The Unreleased Sinclair Computers

When Sinclair Research finally threw in the towel in 1986 and surrendered its computer business to Alan Sugar's Amstrad, a number of projects were left uncompleted. As the Sinclair design team was disbanded, details of the projects inevitably leaked into the public domain.

Loki | Janus | Pandora


By far the most interesting was the so-called "Super Spectrum", codenamed Loki. Depending on which account one believes, the name either derived from the Norse god (renowned for his love of games) or as a derivative of the acronym for Low-cost Colour Computer, aka LowCCC or LC3.

The Loki was intended to be an Amiga-beater, with custom graphics and sound chips, a "huge" 512x256 resolution in up to 256 colours and a 128K memory. The machine would also have a fully-buffered expansion bus, RGB, composite and TV display outputs, a serial port, two joystick ports, a light pen (supplied), three different types of MIDI port, stereo sound in and out, a headphone socket, and a video recorder/video disc interface. On top of all of that, floppy disk, hard disk, compact disk, mouse and modem connectivity would also be available. This remarkable package would cost as little as £200.

All of this was, of course, completely unrealistic and the specification amounted to little more than a wish-list. At the time, the Amiga, which was in some respects more limited than the Loki specification, cost £1,500. Much of that cost was due to its sophisticated custom-designed hardware. The Loki would have cost millions to develop over a period of several years (the Amiga took four years) and a £200 price point was far too low if the developer expected to make any money back.

In the event, the machine appears to have got no further than the design phase and was abandoned by Amstrad. Interestingly, however, its concepts did come to fruition in a very different form. After the Amstrad takeover, two ex-Sinclair engineers, John Mathieson and Martin Brennan, set up their own company called Flare, drawing on the Loki designs to produce a new multiprocessor games console. Atari were drawn into the project and, seeking to challenge the Sega Genesis/Megadrive and Super Nintendo, brought the machine to the market as the Atari Jaguar.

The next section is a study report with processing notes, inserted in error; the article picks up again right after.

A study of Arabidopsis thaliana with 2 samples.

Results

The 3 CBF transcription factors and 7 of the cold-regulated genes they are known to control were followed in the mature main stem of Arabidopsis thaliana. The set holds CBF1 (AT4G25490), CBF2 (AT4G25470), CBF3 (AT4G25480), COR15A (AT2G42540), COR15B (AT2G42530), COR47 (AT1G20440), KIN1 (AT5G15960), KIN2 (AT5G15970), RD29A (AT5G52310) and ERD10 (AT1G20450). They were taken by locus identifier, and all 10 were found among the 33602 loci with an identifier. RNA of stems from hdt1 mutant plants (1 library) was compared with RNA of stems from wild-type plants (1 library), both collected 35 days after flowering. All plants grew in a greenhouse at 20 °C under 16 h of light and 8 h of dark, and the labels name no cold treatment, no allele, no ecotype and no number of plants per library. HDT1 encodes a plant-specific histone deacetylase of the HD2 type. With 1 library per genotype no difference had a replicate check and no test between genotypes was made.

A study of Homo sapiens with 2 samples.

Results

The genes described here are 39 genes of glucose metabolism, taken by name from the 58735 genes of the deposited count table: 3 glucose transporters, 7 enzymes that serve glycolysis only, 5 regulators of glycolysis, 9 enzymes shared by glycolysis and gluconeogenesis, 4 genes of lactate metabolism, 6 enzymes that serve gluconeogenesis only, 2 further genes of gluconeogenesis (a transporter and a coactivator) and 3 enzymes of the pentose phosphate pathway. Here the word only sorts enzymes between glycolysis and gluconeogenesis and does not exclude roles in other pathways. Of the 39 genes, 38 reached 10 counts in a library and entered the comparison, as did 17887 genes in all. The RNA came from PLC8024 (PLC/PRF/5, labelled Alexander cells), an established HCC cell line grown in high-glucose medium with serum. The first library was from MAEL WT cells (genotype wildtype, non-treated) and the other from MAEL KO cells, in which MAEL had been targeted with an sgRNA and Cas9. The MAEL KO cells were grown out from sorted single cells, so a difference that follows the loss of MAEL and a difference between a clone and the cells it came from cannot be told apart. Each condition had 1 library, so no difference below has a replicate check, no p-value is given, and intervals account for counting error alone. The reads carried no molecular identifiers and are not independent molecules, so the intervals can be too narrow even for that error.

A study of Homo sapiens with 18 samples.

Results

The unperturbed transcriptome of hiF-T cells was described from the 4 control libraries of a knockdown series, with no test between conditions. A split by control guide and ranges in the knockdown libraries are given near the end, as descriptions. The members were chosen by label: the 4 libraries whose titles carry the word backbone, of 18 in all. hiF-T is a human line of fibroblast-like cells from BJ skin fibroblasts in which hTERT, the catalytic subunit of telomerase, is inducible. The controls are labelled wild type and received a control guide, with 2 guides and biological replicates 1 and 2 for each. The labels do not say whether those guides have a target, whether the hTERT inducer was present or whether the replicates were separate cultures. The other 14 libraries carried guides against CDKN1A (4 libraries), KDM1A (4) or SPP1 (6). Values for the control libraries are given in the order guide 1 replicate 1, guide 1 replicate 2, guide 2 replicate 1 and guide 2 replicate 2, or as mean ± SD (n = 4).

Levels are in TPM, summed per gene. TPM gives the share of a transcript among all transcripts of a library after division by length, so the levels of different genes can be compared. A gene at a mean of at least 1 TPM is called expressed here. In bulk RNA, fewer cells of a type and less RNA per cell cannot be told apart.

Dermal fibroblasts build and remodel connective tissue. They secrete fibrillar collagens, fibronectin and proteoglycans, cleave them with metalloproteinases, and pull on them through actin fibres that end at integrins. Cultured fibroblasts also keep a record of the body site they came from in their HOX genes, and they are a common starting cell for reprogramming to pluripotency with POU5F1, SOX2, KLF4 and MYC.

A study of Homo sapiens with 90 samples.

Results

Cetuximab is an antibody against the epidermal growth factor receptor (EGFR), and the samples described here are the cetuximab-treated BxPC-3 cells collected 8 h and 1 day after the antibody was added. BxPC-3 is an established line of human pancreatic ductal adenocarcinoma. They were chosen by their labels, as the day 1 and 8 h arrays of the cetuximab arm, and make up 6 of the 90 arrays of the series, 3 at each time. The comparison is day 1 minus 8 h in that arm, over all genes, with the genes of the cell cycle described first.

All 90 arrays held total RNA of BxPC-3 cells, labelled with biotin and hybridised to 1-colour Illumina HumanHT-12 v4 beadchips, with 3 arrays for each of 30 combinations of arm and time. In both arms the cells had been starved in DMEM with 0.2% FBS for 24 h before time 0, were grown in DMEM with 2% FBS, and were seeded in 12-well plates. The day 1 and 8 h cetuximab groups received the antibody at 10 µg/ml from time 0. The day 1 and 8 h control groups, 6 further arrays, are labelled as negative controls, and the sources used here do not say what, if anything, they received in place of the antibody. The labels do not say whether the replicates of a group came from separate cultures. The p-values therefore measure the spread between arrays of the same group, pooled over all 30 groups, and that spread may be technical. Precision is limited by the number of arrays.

According to Jaguar developer Andrew Whittaker, "Some of that [Loki] technology also found a home in a machine called the SAM Coupé, which was manufactured and produced in the UK by MGT technologies (Bruce Gordon and Alan Miles, both ex-Sinclair staff also). It shared many interesting features with the Jaguar in terms of its video chip, but the machine sold very badly in Europe and the company folded."


Of all of Sinclair's uncompleted projects, the Janus is by far the most mysterious. There is next to no public-domain information about the machine, although a mockup of it appears to have been produced (right). Its unusual looks, and particularly the lack of anything resembling a keyboard, suggest that it might have been a console of some kind. It may have been an attempt to use Loki-style technology to go head-to-head with Sega and Nintendo, as Flare subsequently attempted to do with the Atari Jaguar. The Roman god Janus, who lent his name to the project, was distinguished by his facing both ways at once - perhaps an allusion to the unusual vertical design of the case.


In 1980, a portable version of the ZX80 was announced. In May 1981, Sinclair amended this to a ZX81 with a "four or five inch flat screen". Very early prototypes of the Spectrum, designed in 1981-82, still exist with a mocked-up flat screen at the rear of the case. In 1983, the QL was initially envisaged as being a portable machine with space at the back for a row of batteries along the rear of the case. In 1985, a Spectrum-based laptop was announced, with launch envisaged for 1986.

All of these projects depended on being able to use a scaled-up version of the Sinclair flat screen. The concept was of a holographic-style display, projecting the image in mid-air between the lid and the base of the machine. The name "Pandora", which was attached to the project as a whole, was a reference to this ingenious display technology - in the legend, when Pandora's box was opened it brought hope (and a whole lot else) into the world.

Sir Clive had long detested liquid crystal displays (LCDs), disdaining to use them on his calculators even when cheaper and more power-efficient LCD calculators were sweeping the market. He made his views clear: "Liquid crystal is rubbish. Nobody pursuing that avenue is getting anywhere. Nobody in the world has an answer to the flat display problem - except us." His confidence proved misplaced, as the difficulties of adapting the flat screen technology proved insurmountable. Amstrad was unwilling to continue with the Pandora project and killed it after the 1986 takeover of Sinclair Research's computer business.

However, Sinclair did manage to salvage the aims of the Pandora project in a rather different form - the Z88 laptop, which ironically uses a Japanese-produced LCD display.